8 August 2015



Sepsis is the fourth most common admitting diagnosis to the ICU and the second leading cause of death. Despite aggressive management, sepsis continues to have a high mortality rate as high as 48.8% and costs an estimated $366 million annually. The need for an early prognostic marker to identify those at highest risk for mortality in order to optimize therapeutics is critical. Procalcitonin (PCT) and C-reactive protein (CRP) are the current standard markers in the ICU setting; however, each test carries significant limitations. Cholesterol may be a useful prognostic marker of sepsis given that lipid metabolism is significantly altered by systemic inflammation. These changes have been noted to occur within hours of an inflammatory state and are negatively correlated to clinical outcome. Few studies have evaluated the efficacy of serum cholesterol compared to PCT and CRP to identify those at high risk for mortality in the ICU. Can total cholesterol be a superior prognostic marker of mortality in patients admitted to the ICU for sepsis compared to the current gold standard of PCT or CRP?


An exhaustive search was conducted using MEDLINE-Ovid, Web of Science, and CINAHL using the following keywords: cholesterol, procalcitonin or C-reactive protein, and sepsis. Relevant articles were assessed for quality using the Grading of Recommendations, Assessment, Development and Evaluation (GRADE). A search on the National Institute of Health (NIH) clinical trials inquiry site indicates that there are no current trials in any phase evaluating serum cholesterol as a prognostic marker in ICU septic patients.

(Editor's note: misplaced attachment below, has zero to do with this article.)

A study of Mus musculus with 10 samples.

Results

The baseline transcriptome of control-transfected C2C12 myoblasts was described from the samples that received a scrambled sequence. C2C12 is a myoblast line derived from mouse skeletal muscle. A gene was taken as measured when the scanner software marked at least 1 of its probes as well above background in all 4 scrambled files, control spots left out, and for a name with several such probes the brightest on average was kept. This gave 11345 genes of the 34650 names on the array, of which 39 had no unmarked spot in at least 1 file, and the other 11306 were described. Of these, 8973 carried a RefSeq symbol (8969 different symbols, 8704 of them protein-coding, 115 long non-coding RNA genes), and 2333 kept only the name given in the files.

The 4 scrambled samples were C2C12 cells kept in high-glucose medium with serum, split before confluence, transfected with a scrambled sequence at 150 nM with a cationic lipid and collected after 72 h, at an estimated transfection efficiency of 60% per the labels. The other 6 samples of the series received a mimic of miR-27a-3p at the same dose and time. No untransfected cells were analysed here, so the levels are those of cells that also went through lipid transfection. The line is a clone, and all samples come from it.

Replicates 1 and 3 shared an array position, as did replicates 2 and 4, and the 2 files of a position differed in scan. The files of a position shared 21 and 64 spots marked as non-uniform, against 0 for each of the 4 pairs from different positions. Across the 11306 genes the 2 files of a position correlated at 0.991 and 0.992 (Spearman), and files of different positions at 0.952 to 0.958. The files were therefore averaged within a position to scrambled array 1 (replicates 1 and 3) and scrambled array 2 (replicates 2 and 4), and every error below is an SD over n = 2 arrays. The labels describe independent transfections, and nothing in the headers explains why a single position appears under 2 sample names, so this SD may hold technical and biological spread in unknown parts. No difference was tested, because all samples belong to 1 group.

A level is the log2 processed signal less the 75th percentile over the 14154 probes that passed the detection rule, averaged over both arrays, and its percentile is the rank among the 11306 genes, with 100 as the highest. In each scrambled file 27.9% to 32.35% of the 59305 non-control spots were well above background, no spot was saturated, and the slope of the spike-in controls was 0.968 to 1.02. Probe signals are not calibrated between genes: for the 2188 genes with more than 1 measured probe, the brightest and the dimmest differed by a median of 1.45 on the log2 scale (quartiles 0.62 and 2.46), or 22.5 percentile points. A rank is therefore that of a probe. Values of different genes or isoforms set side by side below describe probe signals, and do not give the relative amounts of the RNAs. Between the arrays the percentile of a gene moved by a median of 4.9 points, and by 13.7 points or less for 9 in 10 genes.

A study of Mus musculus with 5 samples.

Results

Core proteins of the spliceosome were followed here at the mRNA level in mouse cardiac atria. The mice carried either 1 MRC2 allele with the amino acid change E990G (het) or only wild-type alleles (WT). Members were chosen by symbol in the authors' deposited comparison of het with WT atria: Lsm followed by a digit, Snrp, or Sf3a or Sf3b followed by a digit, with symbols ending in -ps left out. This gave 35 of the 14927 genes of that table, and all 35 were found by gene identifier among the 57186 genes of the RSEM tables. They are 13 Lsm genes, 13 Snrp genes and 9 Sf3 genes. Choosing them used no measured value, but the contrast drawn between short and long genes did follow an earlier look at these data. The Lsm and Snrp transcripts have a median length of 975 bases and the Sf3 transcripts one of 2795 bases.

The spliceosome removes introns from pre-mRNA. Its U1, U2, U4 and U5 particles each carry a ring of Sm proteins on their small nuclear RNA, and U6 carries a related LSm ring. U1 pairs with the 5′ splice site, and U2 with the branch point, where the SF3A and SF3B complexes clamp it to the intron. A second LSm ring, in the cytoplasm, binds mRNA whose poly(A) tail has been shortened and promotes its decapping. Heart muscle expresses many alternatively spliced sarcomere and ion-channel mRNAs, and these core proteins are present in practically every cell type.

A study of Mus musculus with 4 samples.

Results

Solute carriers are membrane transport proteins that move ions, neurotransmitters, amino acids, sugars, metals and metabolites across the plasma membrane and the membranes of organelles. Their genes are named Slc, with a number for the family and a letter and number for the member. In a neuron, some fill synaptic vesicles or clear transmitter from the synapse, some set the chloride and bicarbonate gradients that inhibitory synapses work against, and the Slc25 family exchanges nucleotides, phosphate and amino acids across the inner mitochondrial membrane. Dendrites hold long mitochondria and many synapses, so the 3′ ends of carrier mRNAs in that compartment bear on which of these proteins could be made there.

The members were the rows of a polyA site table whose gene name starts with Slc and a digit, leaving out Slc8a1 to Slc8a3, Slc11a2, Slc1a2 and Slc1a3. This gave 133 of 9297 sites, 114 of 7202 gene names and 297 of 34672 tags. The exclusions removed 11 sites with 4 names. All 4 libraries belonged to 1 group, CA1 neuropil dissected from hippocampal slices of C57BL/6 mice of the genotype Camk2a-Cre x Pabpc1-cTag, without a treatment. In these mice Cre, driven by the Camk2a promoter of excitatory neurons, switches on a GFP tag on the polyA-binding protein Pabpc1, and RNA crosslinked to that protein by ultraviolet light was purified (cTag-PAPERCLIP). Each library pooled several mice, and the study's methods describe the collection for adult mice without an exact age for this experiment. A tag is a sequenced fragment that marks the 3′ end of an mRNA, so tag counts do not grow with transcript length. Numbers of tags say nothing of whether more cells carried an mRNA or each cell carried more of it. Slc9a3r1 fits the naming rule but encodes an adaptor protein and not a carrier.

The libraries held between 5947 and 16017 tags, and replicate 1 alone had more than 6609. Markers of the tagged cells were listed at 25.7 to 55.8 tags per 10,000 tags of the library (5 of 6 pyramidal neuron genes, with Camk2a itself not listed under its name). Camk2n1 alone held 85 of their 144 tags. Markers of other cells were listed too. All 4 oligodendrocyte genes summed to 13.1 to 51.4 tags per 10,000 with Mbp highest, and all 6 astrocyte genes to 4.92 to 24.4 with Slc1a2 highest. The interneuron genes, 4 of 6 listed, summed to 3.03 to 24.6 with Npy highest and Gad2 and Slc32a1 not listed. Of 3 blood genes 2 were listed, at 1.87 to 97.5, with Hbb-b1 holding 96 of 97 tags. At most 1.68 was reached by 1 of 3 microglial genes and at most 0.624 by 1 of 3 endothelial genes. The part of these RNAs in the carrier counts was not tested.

Two studies met eligibility criteria and were included in this systematic review. A prospective observational trial with 106 participants demonstrated a statistically significant superiority of total cholesterol as a prognostic marker for septic ICU patients with infection only compared to PCT and CRP. A second prospective observational trial with 96 participants demonstrated no superior benefit of total cholesterol levels when compared to CRP but total cholesterol had statistically significant utility in predicting mortality separately.


Total cholesterol may be a useful and superior prognostic marker of mortality for patients admitted to the ICU with sepsis secondary to infection compared to its CRP and PCT counterparts. Serum cholesterol could provide ICU clinicians a more sensitive screening tool for identifying those patients at highest risk for morbidity and mortality irrespective of other underlying comorbidities, whereas CRP may be more useful for monitoring response to therapy. Cholesterol pathophysiology may also yield insight on experimental therapy including the use of statin medications in septic patients in the ICU.